As I’ve written recently, story can be a powerful tool for marketers looking to cut through the clutter in the distracted, digital world we find ourselves in. When you hear a story, your brain lights up with cortex activity in several critical areas, releasing the neurotransmitter dopamine, which helps us remember and ultimately share stories. Because of this chain reaction, you’re 10 times more likely to remember a story than simple facts, stats, and bullet points.
That’s why marketers can’t get enough of storytelling and are rushing to turn this trend into a tool. However, actually using story as a marketing tactic isn’t as easy as an improvised “Once upon a time …” before bed. Brand storytelling requires that we understand these complex steps and translate them into specific actions. To make matters worse, as marketers, we end up being our own worst enemy.
And one of the biggest mistakes we make is in the casting of characters in our brand story.
The Role Oxytocin Plays
Theoretically, this is the easy part. “You want me to tell a story about my brand? Great! Once upon a time, John Jacob Jingleheimer Schmidt, had a dream of making the best quality widgets available at the lowest price …” This story is already headed in the wrong direction.
That’s because this story is framed as the business’ story. When we hear the phrase ‘brand storytelling’ we quickly assume that this means we, as a brand, are about to tell our story—like what’s on the About page of the website! While there’s a place for that (again, it’s called the About page of the website), this is not brand storytelling.
If we want to tell a story that engages the hearts and minds of our customers, we have to focus on another chemical released when we listen to stories. Oxytocin has been called the “love hormone” because of the role it plays in reproduction, childbirth, and social bonding. It’s this last point that’s critical to the storytelling brand. To create connection between customers and our stories, we need the brain to release this handy neuropeptide. And this is why we have to cast the characters in our story correctly.
Studies show that people connect with stories featuring protagonists that remind the audience of … well, themselves. As such, the main character in your brand story should be your customer or someone like them—struggling with the specific challenges they face. We see this with Nike’s focus on athletes of all shapes and sizes striving, achieving. We see it with the brave job seekers in the moving Indeed ads. John J.J. Schmidt can reframe his story by making it about the people who need the special widgets that he makes and why they need them. Make your story about your customers or people like them, and the brain green-lights the much-needed oxytocin, promoting social connection and empathy.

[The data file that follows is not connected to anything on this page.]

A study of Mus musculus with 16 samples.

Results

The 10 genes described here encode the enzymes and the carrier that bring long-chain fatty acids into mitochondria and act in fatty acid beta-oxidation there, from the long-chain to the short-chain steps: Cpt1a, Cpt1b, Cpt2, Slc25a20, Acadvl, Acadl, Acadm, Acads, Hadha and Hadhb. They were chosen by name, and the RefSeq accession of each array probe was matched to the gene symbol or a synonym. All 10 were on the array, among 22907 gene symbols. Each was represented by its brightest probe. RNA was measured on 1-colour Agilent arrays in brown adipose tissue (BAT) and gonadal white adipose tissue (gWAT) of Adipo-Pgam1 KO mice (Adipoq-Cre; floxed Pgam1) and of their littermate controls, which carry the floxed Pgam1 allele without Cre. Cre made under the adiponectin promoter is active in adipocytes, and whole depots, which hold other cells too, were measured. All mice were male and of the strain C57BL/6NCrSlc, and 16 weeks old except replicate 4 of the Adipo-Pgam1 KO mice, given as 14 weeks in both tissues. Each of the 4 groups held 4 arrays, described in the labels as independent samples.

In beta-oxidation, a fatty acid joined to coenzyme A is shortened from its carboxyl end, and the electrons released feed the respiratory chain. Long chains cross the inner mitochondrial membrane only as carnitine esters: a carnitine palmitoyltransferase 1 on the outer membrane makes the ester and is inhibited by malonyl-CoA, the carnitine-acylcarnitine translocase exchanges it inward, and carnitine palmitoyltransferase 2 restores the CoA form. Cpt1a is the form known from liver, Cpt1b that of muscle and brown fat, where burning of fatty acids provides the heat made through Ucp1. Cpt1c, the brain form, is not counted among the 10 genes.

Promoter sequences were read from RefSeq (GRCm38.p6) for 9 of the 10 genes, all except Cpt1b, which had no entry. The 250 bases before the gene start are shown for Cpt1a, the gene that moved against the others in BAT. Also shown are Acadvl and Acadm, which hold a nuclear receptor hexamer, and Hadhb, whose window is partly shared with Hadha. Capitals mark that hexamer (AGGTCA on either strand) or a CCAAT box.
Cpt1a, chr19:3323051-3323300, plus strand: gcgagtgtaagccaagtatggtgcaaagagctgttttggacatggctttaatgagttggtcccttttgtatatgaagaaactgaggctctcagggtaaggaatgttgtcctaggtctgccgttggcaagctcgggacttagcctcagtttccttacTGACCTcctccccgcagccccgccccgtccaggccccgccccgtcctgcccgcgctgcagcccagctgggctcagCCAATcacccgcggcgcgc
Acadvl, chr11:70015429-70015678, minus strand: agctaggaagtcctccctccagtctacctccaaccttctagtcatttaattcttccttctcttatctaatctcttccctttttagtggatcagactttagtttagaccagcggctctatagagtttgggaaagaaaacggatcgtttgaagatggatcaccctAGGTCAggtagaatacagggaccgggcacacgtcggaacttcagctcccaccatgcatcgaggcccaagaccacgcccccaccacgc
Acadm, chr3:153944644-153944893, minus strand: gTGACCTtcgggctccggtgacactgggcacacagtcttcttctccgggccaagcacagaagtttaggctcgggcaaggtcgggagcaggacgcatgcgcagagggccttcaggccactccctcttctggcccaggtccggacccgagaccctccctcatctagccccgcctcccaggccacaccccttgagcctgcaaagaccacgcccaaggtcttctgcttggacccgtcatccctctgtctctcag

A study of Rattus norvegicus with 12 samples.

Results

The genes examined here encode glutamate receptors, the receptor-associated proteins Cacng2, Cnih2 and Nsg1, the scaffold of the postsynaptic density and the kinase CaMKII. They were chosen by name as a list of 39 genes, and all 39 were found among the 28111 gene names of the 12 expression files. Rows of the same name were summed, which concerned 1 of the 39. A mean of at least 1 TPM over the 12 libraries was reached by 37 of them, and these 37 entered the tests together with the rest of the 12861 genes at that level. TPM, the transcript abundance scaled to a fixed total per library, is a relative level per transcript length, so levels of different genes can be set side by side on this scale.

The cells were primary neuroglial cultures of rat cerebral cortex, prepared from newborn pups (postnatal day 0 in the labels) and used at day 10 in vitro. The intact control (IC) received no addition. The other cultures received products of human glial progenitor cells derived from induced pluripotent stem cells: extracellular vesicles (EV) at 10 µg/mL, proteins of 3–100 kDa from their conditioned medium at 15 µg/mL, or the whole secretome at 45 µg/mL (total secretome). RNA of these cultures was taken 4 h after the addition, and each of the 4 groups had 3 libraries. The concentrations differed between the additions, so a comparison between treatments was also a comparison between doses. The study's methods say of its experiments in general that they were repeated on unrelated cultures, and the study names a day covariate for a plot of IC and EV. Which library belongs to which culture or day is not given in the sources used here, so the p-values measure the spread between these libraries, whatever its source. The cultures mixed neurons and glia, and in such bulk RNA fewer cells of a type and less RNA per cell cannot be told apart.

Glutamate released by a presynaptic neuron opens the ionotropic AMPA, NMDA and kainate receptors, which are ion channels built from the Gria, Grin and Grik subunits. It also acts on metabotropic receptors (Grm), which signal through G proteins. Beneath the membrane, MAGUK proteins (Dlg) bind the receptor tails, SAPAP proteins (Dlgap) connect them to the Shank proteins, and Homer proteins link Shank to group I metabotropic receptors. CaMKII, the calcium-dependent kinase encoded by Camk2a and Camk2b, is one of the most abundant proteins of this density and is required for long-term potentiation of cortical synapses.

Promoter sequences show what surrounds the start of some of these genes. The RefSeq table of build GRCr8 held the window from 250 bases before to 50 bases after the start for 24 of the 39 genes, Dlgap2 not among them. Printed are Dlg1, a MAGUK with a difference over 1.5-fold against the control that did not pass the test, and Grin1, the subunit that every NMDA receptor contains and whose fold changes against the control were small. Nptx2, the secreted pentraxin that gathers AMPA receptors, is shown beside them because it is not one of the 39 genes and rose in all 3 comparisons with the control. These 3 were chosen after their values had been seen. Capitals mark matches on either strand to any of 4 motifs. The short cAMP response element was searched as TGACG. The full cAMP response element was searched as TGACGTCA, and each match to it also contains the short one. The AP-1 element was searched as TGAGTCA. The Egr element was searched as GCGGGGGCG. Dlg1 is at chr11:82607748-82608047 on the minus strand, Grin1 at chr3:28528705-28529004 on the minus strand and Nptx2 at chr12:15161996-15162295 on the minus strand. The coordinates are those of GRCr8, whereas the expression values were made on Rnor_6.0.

“Great,” says John. “But if my customer is the main character, where does my brand fit into the story?”
Enter Mary Poppins
Story theorist Joseph Campbell’s work has been used to deconstruct everything from ancient myths to Star Wars. Campbell’s groundbreaking book The Hero with a Thousand Faces identifies key aspects that heroes encounter on their journey or quest. Along the way they face challenges that they are able to overcome with special tools and skills. These are usually imparted by someone special they meet along the way—the mentor.
The pages and pixels of great stories are filled with mentors. From Glenda the Good Witch to Obi-Wan Kenobi, these figures are often tasked with helping the main character accomplish what they’ve set out to do. Mentors do this by providing special tools, teaching new skills, and by revealing hidden truths.
Mary Poppins is a “practically perfect” example. While the movie is titled Mary Poppins and stars Julie Andrews in the Academy-Award winning role of Mary Poppins, it’s not actually Mary Poppins’s story. Rather, the protagonists are the children, Jane and Michael Banks, who are on a quest to repair their relationship with their work-addicted father (need further proof: Disney literally made a movie about the development of this movie titled Saving Mr. Banks). Mary Poppins is the mentor who helps the children do this with special tools (a spoonful of sugar) and skills (laughter as flight propellent) that allow the family to reconnect.
Like Mary Poppins, your brand should strive to be the mentor of the story you’re telling. You should be critical in helping your main character (your customer or someone like them) reach their goals.
Cast Yourself as a Mentor Brand
Look around and you can see examples of brands being mentors. Freshbooks knows that their main characters are the entrepreneurs and small business owners who end up doing their own books. Their website details their brand story noting that they’re “built to help owners manage their books and connect to clients.” Freshbooks is the mentor teaching new skills and providing special tools.
Argent is a women’s clothing brand focused on reinventing what women wear to work. Inside their shipping boxes, customers find a note sharing their story. “We design for you: the unapologetic, the ambitious, the confident. So keep doing what you do, because #AmbitionSuitsYou.” Once again, Argent is the mentor providing the protagonist with the special tools needed for their quest.
From notes in shipping boxes to websites to national TV campaigns, brand stories can take many different shapes. However, to keep your story structured in a way that wins the hearts and minds of your increasingly distracted customer, make sure you get your casting right. To connect with your story, it needs to be about your customer. To build on this connection, your brand gets to be their mentor—helping them overcome obstacles and reach their goals.
With these storytelling principles to guide you, your brand story can be practically perfect too.